Hey. One of the things I use Audacity to do is make Soundfont files.
Im wondereing if anyone knows the basics from making vox string synth style sound?
What kind of equalization? and what kind of tone to start out with?
Saw, square, sine, or other?
Many of the old analogue style string pad sounds were created using Pulse Width Modulation (PWM).
The easiest way to generate PWM sounds in Audacity is to use “Nyquist” code.
See here about “Nyquist” programming in Audacity: http://audacityteam.org/help/nyquist
Try selecting part of an audio track, then from the “Effect” menu select “Nyquist Prompt”.
Copy and paste the following code into the Nyquist Prompt box, then click “OK”
(mult (pwl 0.1 1.0 0.6 1.0 1.0)
(mult 0.4 (osc-pulse 110 (sum 0.35 (mult 0.4 (hzosc 56.2)))))
(mult 0.3 (osc-pulse 220 (sum 0.35 (mult 0.4 (hzosc 110.5)))))
(mult 0.2 (osc-pulse 440 (sum 0.45 (mult 0.4 (hzosc 221.5)))))
Cool thanks , Ill try it out.
K Iv’e noticed the Pulse-width modulation Nyquist code generates it’s own wave. I wonder is there any way to use it as an effect over a sound?
rather than have it generate a wave.
Also could you please tell me what each number changes in the code so I can better understand how it works?
Yes that was a “generator” rather than an “effect”.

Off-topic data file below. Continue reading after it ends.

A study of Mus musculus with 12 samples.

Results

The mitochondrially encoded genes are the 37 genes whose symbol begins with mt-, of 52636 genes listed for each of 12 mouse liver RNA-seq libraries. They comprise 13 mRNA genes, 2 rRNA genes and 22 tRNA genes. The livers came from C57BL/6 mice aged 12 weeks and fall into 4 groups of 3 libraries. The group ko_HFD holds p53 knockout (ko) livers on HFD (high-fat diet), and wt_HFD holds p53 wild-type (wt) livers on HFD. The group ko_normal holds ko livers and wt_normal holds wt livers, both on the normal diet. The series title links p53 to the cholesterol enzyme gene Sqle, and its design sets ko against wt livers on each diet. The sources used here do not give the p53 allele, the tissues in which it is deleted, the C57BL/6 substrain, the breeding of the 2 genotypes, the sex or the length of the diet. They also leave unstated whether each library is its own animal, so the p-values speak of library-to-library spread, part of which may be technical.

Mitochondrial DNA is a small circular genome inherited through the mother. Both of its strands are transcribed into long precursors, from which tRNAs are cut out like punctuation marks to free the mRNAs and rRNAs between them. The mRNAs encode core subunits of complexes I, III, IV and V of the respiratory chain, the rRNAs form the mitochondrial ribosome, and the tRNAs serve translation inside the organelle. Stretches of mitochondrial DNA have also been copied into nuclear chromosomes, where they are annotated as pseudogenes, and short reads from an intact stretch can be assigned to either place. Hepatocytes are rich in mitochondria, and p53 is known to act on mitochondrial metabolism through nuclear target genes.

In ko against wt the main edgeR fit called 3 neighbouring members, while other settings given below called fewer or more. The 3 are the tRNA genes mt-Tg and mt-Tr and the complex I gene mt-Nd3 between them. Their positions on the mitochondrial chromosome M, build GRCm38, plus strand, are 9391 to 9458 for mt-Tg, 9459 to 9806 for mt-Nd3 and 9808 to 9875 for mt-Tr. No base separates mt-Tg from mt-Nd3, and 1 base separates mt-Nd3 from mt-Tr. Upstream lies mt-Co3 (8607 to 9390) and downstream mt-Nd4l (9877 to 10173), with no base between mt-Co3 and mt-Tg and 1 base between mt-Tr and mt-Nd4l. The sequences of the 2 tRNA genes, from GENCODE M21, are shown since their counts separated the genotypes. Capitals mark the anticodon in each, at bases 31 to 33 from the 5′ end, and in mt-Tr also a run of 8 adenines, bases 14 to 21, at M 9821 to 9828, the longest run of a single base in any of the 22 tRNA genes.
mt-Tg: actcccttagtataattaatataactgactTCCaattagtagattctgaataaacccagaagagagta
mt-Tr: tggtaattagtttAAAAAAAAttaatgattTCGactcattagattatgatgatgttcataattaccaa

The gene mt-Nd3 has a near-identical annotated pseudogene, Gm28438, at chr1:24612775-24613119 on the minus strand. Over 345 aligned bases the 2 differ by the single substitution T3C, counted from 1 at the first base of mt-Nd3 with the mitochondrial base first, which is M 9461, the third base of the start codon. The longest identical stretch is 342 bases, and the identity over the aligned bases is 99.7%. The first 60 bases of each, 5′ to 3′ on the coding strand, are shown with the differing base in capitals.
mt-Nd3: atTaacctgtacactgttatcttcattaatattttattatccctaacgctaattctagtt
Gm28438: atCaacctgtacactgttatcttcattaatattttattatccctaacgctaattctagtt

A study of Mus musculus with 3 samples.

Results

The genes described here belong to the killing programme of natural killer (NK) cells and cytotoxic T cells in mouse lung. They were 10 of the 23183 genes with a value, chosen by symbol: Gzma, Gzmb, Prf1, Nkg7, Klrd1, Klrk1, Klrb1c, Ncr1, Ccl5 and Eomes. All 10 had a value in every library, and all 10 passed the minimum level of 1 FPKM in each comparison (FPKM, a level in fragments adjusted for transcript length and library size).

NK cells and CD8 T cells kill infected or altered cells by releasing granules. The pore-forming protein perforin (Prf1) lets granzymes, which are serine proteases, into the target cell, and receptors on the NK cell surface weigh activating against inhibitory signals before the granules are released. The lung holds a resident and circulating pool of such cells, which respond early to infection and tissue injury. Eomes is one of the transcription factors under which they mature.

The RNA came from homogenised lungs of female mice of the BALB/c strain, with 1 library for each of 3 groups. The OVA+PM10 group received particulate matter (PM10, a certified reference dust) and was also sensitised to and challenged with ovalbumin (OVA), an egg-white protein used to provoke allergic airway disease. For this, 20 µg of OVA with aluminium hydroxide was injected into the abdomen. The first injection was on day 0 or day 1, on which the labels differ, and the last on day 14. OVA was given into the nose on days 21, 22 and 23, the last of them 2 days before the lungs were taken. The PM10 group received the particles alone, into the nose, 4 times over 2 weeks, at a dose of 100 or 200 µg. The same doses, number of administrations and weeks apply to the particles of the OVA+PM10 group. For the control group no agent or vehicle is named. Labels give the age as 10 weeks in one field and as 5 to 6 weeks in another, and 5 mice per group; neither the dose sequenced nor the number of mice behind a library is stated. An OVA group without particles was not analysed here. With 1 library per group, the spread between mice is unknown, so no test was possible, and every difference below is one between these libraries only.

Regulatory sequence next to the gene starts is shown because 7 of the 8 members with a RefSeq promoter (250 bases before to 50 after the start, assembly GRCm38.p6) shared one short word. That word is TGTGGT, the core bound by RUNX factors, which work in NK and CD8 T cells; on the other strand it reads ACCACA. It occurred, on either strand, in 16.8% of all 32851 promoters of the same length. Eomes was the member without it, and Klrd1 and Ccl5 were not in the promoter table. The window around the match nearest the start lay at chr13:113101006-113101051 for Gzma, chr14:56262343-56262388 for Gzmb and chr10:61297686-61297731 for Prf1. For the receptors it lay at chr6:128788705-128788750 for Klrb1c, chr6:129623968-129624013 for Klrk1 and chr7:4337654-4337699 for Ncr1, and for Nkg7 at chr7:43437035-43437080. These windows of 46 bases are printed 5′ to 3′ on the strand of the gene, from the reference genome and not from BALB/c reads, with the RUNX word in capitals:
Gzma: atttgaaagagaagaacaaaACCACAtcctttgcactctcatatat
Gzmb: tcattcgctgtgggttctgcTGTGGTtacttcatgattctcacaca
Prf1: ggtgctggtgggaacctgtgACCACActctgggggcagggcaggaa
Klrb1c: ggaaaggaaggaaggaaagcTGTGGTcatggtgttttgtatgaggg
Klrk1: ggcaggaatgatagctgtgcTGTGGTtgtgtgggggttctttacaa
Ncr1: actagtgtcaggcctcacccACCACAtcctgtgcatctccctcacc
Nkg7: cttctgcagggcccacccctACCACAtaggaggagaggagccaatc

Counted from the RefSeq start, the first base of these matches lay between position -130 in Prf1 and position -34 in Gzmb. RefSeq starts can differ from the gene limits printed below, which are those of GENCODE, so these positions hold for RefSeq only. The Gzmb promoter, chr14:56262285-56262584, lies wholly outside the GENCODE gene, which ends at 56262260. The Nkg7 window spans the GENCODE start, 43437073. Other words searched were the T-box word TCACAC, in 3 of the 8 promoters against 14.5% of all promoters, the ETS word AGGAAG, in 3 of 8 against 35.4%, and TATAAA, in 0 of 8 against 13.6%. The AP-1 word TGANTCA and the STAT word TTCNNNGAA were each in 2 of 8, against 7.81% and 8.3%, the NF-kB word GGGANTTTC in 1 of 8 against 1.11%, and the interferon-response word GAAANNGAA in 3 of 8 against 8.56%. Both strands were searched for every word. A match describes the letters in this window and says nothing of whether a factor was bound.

For generating a “string pad” type sound you need a lot of overtones/harmonics. You could start with one or more square waves or triangle waves, or saw waves, to produce a rich frequency spectrum (additive synthesis), or you could start with sound generated using “Pulse Width Modulation”. The code that I posted contains 3 PWM generators and a simple envelope shaper.
The “sim” function (simultaneous) combines the three sounds (mixes them).
(osc-pulse 110 (sum 0.35 (mult 0.4 (hzosc 56.2))))
This is the first generator.
It is made from a pulse oscilator (osc-pulse).
The basic way that the pulse oscilator works is that you define the frequency, and the width of the pulse.
So the frequency of this oscilator is 110 Hz.
The “width” parameter (more accurately called the “bias” parameter) is a value between +/- 1
If the bias parameter is zero it will create a square wave - try the following code in the Nyquist Prompt:
(osc-pulse 100 0)
This produces a full-scale square wave with a fundamental frequency of 100 Hz.
It’s easy to scale the amplitude of a sound, simply by multiplying the sound by a number less than 1. So if we want a half height square wave with a fundamental frequency of 440 Hz we could write:
(mult 0.5 (osc-pulse 440 0))
If the pulse width is less than zero, the pulse will be negative more than it is positive, for example:
(mult 0.5 (osc-pulse 440 -0.5))
Here’s some other oscillators:
(mult 0.8 (hzosc 440))
(mult 0.4 (osc-saw 220))
(mult 0.9 (osc-tri 88))
and a generator that is not an oscillator - any guesses what this does?
(mult 0.5 (noise))
I’ll have to get back to you with the rest of the explanation later in the week as it’s now late and I have to be up early tomorrow.
Sounds like a job for a ring modulator …
Alternatively modulate with a more complex waveform by applying Steve’s amplitude modulation code.